Tribeca Film Festival: “Mark, Mary & Some Other People” Review

Tribeca Film Festival: “Mark, Mary & Some Other People” Review

90 minutes | USA | 2021

Director: Hannah Marks
Editor: Andy Holton
Cinematographer: Casey Stolberg
Composer: Patrick Stump
Producers: Hannah Marks, Pete Williams, Jon Lullo, Brendan Walter, Jonathan Duffy, Kelly Williams, Stephen Braun
Writer: Hannah Marks
Cast: Ben Rosenfield, Hayley Law, Odessa A’Zion, Nik Dodani, Matt Shively, Sofia Bryant

Mark, Mary & Some Other People is about couple who is experimenting with having an open relationship. It’s not the type of film I’d usually seek out. But then, I will pretty much watch anything! I wasn’t interested in the orgies in Eyes Wide Shut or the villain origin stories of Joker and Cruella, yet I saw these films anyway with varying degrees of enjoyment. And I was hesitant to watch Mark, Mary & Some Other People, not just because of the subject matter, but because I saw Permission in 2017 thanks to Movie Pass. It’s the same kind of film. While Marks’ film is way funnier and punchier, it still follows the same kind of trajectory and probably isn’t going to win any new converts to polygamy. If that’s your bag, fine, but when I go on dating apps, I am looking for one person. And there is always a couple looking for their “unicorn” despite my settings and filters. But hey, do your own thing.

Mark, Mary & Some Other People follows Mark (Ben Rosenfield) and Mary (Hayley Law) from the moment they re-encounter each other in a drugstore after knowing each other from college. Mary thinks it’s a “meet-cute”. I guess from the moment Nancy Meyers revealed what a “meet-cute” was in The Holiday (2006), almost every rom-com feels the need to not only have one, but to explain what one is. Frankly, it’s kind of tiresome and unnecessary (especially if it’s not a real meet-cute since they met before).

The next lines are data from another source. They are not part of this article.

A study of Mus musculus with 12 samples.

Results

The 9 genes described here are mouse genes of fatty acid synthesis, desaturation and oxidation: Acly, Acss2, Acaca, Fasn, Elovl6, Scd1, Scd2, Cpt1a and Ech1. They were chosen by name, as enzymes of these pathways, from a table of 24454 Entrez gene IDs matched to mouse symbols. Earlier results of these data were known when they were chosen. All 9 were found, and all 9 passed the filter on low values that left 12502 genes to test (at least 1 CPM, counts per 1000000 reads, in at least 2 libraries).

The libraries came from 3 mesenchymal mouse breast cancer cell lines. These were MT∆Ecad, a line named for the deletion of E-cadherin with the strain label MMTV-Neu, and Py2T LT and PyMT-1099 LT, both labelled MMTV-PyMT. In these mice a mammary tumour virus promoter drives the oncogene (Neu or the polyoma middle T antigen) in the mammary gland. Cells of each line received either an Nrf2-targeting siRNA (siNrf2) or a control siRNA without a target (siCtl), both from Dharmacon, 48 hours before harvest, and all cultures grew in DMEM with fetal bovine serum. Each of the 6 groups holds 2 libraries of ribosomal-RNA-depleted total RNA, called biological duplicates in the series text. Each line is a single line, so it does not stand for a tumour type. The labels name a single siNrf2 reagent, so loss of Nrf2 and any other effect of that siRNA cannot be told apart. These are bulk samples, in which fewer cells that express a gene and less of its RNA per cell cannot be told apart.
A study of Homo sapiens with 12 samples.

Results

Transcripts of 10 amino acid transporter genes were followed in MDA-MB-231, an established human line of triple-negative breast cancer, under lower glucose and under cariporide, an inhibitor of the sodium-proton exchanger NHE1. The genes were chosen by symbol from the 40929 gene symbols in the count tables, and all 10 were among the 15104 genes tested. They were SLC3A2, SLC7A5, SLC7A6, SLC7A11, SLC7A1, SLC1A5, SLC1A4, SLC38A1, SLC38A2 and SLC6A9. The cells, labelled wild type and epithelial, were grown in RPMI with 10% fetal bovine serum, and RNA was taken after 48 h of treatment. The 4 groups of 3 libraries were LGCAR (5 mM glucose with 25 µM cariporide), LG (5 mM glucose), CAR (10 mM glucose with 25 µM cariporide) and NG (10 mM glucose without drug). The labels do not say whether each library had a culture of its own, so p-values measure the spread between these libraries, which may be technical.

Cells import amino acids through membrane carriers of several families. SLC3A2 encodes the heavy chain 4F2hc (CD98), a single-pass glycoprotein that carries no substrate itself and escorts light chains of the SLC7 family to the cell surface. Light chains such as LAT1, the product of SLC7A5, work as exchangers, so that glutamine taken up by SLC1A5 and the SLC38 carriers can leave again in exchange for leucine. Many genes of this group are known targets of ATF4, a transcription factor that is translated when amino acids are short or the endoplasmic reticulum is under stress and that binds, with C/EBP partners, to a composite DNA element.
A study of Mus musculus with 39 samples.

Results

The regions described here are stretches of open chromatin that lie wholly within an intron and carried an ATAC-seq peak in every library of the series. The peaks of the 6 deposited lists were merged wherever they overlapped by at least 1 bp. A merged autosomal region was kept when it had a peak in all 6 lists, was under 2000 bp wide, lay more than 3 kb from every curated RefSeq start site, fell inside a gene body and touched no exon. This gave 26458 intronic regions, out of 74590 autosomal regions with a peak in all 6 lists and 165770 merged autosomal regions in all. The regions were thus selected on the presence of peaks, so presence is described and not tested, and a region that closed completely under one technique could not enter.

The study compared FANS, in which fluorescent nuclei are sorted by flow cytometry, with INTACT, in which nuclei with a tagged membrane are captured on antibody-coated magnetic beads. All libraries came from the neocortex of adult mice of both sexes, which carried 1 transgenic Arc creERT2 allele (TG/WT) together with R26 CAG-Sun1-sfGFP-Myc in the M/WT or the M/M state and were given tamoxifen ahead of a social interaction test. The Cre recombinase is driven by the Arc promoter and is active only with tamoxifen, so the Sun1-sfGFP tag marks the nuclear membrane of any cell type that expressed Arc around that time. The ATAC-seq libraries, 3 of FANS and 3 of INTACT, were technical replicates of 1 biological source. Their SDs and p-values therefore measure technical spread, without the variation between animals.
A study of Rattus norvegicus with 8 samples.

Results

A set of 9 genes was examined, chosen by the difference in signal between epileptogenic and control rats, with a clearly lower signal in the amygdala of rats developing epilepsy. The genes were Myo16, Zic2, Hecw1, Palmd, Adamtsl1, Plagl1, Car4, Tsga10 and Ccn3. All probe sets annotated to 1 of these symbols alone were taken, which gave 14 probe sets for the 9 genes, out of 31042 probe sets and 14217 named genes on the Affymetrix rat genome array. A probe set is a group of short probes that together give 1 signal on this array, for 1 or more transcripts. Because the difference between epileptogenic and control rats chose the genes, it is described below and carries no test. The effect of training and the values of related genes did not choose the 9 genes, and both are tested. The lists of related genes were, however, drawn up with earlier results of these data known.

The main moral issue is not the ethical non-monogamy, but that Mark’s company that he co-owns with his father (who we never see) is based in plastics. Mark attended two women’s marches, though, so he thinks he’s a good person and his response is literally, “Fuck the ocean.” I’m not sure the film is as woke as it wants to be. The film is just basically pregnancy test after pregnancy test with Mark and Mary constantly hooking up with others and a threesome thrown in for good measure.

The film has great psychedelic titles, mainly funny jokes and dialogue, and tons of great songs featured (Cults’ “Always Forever” immediately added to my Apple Music playlist). Sometimes the characters are too flexible with their own standards, but at least they came up with some ground rules, right? And maybe it doesn’t necessarily work out the way they wanted everything to. That’s their business, so feel free to join the ride or have them go their own way. 

Rating: 6/10

Vegan points:
When Mary’s love interest wants to order a BLT, Mark says “Poor little piggies”

Article was written by Allison McCulloch. Follow her Twitter.